My Pet Sheds All Over
Shedding of hair is a normal and ongoing process for most domestic dogs and cats. Excessive shedding generally occurs in the spring and fall, with the changing of major seasons. Old hair is released so that new hair of the right consistency and insulation may grow in.
In the winter, hair provides insulation from cold when fluffed up. For this reason, matted hair does not protect a dog or cat from cold. Some pets (especially the cold weather breeds such as Elkhounds, Huskies or Samoyeds) also have an undercoat of soft downy hair to protect them from extreme cold. This undercoat may come out by the handful in the spring and fall as the new undercoat grows in. In the summer, hair can also function to protect pets from overheating by insulating against the heat of the sun.
Since most pets spend at least part of their time indoors and are often exposed to both air-conditioning and heating systems, their bodies may shed hair year round.
Shedding is best controlled by regular grooming, either by brushing at home, with professional grooming services or a combination of both. Regardless of how much hair might be removed at a grooming shop, even with special products, nothing will remove all the loose hair and give you a non-shedding dog.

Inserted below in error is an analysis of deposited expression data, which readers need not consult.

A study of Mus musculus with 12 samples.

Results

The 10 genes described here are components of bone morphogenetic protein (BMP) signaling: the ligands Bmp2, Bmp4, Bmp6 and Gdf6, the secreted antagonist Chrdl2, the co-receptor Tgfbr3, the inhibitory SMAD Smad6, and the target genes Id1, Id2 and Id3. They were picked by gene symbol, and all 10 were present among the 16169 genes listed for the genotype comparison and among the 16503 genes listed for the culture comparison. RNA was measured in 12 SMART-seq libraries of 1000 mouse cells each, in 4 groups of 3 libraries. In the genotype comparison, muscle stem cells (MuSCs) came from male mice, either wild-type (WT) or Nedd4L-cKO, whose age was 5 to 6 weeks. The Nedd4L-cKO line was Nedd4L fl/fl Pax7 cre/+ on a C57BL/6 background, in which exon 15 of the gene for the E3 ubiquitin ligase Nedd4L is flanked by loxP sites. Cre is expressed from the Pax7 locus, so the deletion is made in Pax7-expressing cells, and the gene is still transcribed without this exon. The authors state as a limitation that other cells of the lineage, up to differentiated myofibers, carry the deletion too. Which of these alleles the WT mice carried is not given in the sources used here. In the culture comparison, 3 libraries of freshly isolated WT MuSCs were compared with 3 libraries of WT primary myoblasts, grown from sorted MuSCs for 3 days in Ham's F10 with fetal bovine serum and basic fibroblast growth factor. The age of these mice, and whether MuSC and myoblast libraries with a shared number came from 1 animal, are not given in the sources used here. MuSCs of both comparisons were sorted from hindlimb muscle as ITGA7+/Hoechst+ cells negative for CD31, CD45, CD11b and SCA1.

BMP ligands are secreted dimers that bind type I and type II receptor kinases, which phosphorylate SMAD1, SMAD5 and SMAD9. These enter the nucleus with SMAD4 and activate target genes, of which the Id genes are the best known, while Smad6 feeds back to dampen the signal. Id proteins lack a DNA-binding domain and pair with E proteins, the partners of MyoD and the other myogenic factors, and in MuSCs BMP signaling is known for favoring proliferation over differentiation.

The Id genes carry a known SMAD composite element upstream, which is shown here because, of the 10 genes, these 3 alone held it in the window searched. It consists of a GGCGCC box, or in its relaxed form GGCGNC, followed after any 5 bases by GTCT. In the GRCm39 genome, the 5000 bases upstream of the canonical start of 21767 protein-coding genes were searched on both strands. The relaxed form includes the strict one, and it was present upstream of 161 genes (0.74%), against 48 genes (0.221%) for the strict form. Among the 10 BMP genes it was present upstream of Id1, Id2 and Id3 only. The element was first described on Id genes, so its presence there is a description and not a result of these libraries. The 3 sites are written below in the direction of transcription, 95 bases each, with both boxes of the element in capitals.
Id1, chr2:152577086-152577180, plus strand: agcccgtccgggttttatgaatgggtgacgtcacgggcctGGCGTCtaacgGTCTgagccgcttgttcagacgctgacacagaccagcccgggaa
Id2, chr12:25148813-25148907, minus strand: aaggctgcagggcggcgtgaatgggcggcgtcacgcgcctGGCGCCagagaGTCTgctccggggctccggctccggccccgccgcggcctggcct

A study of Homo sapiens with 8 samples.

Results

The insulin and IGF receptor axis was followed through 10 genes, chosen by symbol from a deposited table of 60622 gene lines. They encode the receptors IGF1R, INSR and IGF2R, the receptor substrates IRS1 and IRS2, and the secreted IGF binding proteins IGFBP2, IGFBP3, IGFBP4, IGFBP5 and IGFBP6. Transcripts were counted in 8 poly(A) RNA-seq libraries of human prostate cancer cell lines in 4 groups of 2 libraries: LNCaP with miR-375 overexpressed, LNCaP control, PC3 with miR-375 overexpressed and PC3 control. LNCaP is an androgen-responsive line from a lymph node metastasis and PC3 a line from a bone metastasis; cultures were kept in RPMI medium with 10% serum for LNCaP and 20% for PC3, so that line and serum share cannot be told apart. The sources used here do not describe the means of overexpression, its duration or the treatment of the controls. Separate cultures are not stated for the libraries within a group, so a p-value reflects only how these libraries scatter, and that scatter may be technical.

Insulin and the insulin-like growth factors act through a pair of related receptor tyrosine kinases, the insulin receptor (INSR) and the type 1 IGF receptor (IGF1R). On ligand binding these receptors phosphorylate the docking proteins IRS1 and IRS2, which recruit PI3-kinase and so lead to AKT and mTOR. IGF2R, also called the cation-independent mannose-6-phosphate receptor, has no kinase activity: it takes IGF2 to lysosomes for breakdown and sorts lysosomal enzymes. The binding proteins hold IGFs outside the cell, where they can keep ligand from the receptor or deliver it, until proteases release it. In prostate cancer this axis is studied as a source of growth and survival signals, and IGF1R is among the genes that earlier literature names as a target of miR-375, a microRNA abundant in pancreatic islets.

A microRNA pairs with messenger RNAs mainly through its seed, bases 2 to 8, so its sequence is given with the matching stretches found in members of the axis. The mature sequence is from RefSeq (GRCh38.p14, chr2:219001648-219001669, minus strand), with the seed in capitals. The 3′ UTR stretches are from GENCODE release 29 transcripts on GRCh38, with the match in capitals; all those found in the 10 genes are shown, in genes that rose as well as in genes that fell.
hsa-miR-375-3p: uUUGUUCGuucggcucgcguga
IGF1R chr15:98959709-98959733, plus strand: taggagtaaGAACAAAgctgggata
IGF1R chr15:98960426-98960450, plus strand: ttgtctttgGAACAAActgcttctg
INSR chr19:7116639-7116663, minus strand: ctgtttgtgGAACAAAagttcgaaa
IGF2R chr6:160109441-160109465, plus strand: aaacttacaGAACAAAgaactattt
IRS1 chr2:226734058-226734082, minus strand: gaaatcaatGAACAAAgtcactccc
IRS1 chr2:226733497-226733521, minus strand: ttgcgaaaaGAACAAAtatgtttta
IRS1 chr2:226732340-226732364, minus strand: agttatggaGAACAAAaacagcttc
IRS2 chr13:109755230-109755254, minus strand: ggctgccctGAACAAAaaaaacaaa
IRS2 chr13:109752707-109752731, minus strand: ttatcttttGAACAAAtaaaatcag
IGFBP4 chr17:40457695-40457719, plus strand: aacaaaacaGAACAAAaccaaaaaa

Hair is also shed whenever a pet is nervous or excited. You have probably noticed that your pet sheds more than normal during a visit to the vet. This is because the pet’s nervousness causes the skin to tighten, which forces out any loose hair. And when you pick him up from the groomer, the same thing occurs — his excitement loosens up hair that was not able to be removed (or ready to be shed) during the grooming process.
Some diseases can promote poor hair growth and shedding. If your pet experiences unexplained hair loss or you suspect there may be a medical condition causing the excessive shedding, it is always wise to consult a veterinarian.
Good diet, regular brushing and special attention during spring and fall shedding seasons will help keep the extra hair off your clothes and floors.
This article is provided as a general overview of the topic. Always consult your veterinarian for specific information related to diseases or medical care for pets.